Virtual Visual Visitation 

OKCMOA is launching a new virtual field trip program to bring the museum into classrooms statewide.

click to enlarge Amanda Harmer guides a class virtual through the museum's collection. - PHOTO PROVIDED
  • Photo Provided
  • Amanda Harmer guides a class virtual through the museum's collection.

There are few childhood traditions more anticipated or memorable than the field trip. That feeling of getting to school on the day with your permission slip in hand, knowing that you’re going to get to do or see something so far out of the ordinary for your usual school day that they couldn’t even fit it inside the same building. Knowing that you’re going to learn about something cool or interesting that you’ll get to see and ask questions about instead of just reading out of the textbooks and scribbling on your homework. It’s a feeling that we likely all remember, and one that we surely all want for the next generations as well.

But of course, budget cuts, classroom sizes, teacher shortages, and now COVID-19. Each of these issues alone is a nail in the class field trip’s coffin. All of them combined make it impossible.

That’s where the Oklahoma City Museum of Art is stepping in with an all-new Virtual Field Trip program designed specifically to work around all of those obstacles.

“With the uncertainty surrounding the upcoming school year, we had to find ways to continue to bring the Museum to Oklahoma students,” OKCMOA Curatorial Affairs Director Rosie May said. “With the launch of Virtual Field Trips, we will be able to serve even more students.”

Obviously, COVID-19 is the most immediate and pressing concern, even if students have been returning to the classroom en masse. With rising variants, spiking case numbers, and growing alarm over the rate of infection among schoolchildren, the looming uncertainty about in-person schooling versus remote learning has only increased. Understanding this, the team at OKCMOA wanted to create a service that could be just as useful inside a full classroom as inside a full Zoom session.

“The ‘cart’ we have is really cool,” said Marketing Director Becky Weintz, speaking about the camera-equipped mobile station that will be used to show virtual visitors around the space. “It has these really high-quality HD cameras that can zoom way in to show small details, and it’s all set up for our curators to jump right into whatever platform a class is using.”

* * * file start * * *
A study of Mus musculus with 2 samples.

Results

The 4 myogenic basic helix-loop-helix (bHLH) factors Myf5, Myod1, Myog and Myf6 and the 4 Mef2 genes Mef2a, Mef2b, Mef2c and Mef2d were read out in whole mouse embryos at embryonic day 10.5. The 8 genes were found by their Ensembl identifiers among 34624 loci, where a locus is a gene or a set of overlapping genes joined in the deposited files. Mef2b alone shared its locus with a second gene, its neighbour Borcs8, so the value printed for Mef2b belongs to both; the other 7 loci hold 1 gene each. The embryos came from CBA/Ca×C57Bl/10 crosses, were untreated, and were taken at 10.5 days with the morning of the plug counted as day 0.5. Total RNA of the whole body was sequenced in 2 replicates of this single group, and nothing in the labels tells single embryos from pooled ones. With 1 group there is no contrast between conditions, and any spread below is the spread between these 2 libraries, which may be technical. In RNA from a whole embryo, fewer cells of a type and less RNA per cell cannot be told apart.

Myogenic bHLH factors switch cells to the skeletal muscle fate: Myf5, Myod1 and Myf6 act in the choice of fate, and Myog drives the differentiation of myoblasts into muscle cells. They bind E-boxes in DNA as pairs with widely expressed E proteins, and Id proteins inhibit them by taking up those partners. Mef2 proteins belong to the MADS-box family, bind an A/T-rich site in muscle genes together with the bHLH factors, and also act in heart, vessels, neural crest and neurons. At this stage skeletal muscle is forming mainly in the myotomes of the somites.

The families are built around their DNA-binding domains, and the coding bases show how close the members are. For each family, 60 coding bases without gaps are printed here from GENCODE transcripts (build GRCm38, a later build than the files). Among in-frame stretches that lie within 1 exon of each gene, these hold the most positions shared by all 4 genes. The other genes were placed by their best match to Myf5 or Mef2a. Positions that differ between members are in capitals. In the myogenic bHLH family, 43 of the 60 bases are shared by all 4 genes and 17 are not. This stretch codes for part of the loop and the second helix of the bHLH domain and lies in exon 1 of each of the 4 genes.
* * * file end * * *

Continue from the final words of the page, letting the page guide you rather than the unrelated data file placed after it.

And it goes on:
The team’s main focus is making sure that students can receive the same kind of “inquiry-driven” experience that they would get in an in-person tour or field trip.

“It’s going to be really cool to have the curators themselves actually controlling the cart,” Weintz said. “They can take and answer questions from the kids in real time.”

This new project isn’t all just for the sake of COVID-19 precautions, though. A big part of the idea was also acknowledging that not every school in the state could so easily arrange a student trip even before the pandemic. They wanted to make it easier for classes from all across Oklahoma to experience what the museum has to offer.

“Even though we always reimburse the schools for travel, it’s just not possible for a lot of schools to come here,” Weintz said. “It’s like, the panhandle is what, four or five hours away? That would be a huge and difficult trip for a school to bring their students all that way. This way, we can give them that experience without them having to worry about all of that.”

And it’s not just the travel logistics that trip up so many schools. With education budgets still dwindling, many of them, especially inner-city schools, simply don’t have the funding available to give their students a true field trip experience.

“This is definitely something that we intend to keep available even after COVID,” Weintz said. “We want to make sure that every school has the opportunity to see what we have here and to learn from our curators. We’re excited to really ramp up and continue our in-person tours and field trips, but this will also be available for any school that feels it’s better or easier for them.”

The Oklahoma City Museum of Art is currently booking virtual field trips for schools, with several themes available ranging from their current “Painters of Pompeii” exhibit, “examining art for context,” and a virtual class about careers in the museum and art history fields. There is even a “meet an archeologist” unit available where students will be able to speak directly with a working archeologist that has helped excavate historical sites around Europe.

“This is a great example of a program we would not have been able to offer in-person,” May said. “With virtual learning, the sky is the limit.”